Over the last decade, the U.S., UK Israel and other states have begun to use Unmanned Aerial Vehicles (UAVs) for military operations and for targeted killings in places like Pakistan, Yemen and Somalia. Worldwide, over 80 governments are developing their own drone programs, and even non-state actors such as the Islamic State have begun to experiment with drones. The speed of technological change and adaptation with drones is so rapid that it is outpacing the legal and ethical frameworks which govern the use of force. This volume brings together experts in law, ethics and political science to address how drone technology is slowly changing the rules and norms surrounding the use of force and enabling new, sometimes unprecedented, actions by states. It addresses some of the most crucial questions in the debate over drones today. Are drones a revolutionary form of technology that will transform warfare or is their effect merely hype? Can drone use on the battlefield be made wholly consistent with international law? How does drone technology begin to shift the norms governing the use of force? What new legal and ethical problems are presented by targeted killings outside of declared war zones? Should drones be considered a humane form of warfare? Finally, is it possible that drones could be a force for good in humanitarian disasters and peacekeeping missions in the near future? This book was previously published as a special issue of The International Journal of Human Rights.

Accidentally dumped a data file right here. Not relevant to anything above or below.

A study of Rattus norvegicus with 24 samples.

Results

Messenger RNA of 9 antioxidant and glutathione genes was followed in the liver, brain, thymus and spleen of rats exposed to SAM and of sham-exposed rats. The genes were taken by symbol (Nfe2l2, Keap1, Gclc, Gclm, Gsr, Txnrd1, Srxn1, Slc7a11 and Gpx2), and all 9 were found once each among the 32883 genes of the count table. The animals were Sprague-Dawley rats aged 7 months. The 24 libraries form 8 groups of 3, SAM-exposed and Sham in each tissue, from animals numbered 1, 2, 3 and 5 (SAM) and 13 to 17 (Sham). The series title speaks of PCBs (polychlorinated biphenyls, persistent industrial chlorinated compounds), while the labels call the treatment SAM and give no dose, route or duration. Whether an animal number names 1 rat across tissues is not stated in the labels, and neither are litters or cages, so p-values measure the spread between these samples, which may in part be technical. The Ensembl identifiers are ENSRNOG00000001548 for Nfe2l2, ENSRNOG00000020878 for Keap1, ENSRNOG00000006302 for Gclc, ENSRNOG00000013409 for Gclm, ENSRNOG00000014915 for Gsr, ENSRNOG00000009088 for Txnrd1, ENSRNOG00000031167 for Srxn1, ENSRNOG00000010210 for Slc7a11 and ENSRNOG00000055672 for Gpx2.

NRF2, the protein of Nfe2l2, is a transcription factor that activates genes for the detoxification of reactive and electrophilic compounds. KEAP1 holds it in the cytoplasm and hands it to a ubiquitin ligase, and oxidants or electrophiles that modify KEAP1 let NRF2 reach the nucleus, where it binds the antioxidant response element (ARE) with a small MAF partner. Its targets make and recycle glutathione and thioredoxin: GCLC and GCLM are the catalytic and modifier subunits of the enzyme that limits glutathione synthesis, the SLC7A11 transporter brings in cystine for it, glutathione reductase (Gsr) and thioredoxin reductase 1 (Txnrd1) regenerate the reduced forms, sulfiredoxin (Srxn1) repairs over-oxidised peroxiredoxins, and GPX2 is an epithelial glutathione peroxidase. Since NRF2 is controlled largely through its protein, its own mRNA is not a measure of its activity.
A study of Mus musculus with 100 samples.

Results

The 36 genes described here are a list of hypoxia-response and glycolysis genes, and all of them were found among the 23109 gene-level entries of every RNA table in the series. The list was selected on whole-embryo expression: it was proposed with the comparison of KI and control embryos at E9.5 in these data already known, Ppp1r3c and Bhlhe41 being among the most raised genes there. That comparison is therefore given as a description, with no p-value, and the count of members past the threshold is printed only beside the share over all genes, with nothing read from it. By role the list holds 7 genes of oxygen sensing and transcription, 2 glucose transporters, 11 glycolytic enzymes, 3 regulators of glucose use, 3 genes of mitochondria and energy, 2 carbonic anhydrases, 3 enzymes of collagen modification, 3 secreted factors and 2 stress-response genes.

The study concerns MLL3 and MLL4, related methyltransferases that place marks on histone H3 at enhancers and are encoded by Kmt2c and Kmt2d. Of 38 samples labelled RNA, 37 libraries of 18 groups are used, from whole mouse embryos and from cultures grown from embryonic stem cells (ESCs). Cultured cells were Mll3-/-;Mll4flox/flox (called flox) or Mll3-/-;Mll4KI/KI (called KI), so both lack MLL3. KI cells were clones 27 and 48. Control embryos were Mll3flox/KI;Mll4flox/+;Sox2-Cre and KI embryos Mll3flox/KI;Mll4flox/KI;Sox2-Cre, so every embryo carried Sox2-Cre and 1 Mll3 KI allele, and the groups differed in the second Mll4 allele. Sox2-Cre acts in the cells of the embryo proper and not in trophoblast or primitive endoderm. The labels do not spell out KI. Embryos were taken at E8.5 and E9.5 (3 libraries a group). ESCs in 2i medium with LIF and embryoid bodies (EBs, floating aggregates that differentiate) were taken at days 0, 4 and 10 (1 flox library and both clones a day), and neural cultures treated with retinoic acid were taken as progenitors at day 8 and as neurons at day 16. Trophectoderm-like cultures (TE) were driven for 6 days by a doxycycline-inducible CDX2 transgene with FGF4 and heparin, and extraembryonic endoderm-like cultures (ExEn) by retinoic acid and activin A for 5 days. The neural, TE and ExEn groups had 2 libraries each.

Table of Contents
1. The legal and ethical implications of drone warfare
Michael J. Boyle
2. Getting drones wrong
3. A means-methods paradox and the legality of drone strikes in armed conflict
4. Clashing over drones: the legal and normative gap between the United States and the human rights community
Daniel R. Brunstetter and Arturo Jimenez-Bacardi
5. Drones to protect
6. Virtuous drones?
Caroline Kennedy and James I. Rogers
Michael J. Boyle is an Associate Professor of Political Science at La Salle University and a Senior Fellow at the Foreign Policy Research Institute in Philadelphia. He is the author of Violence after War: Explaining Instability in Post-Conflict States (2014).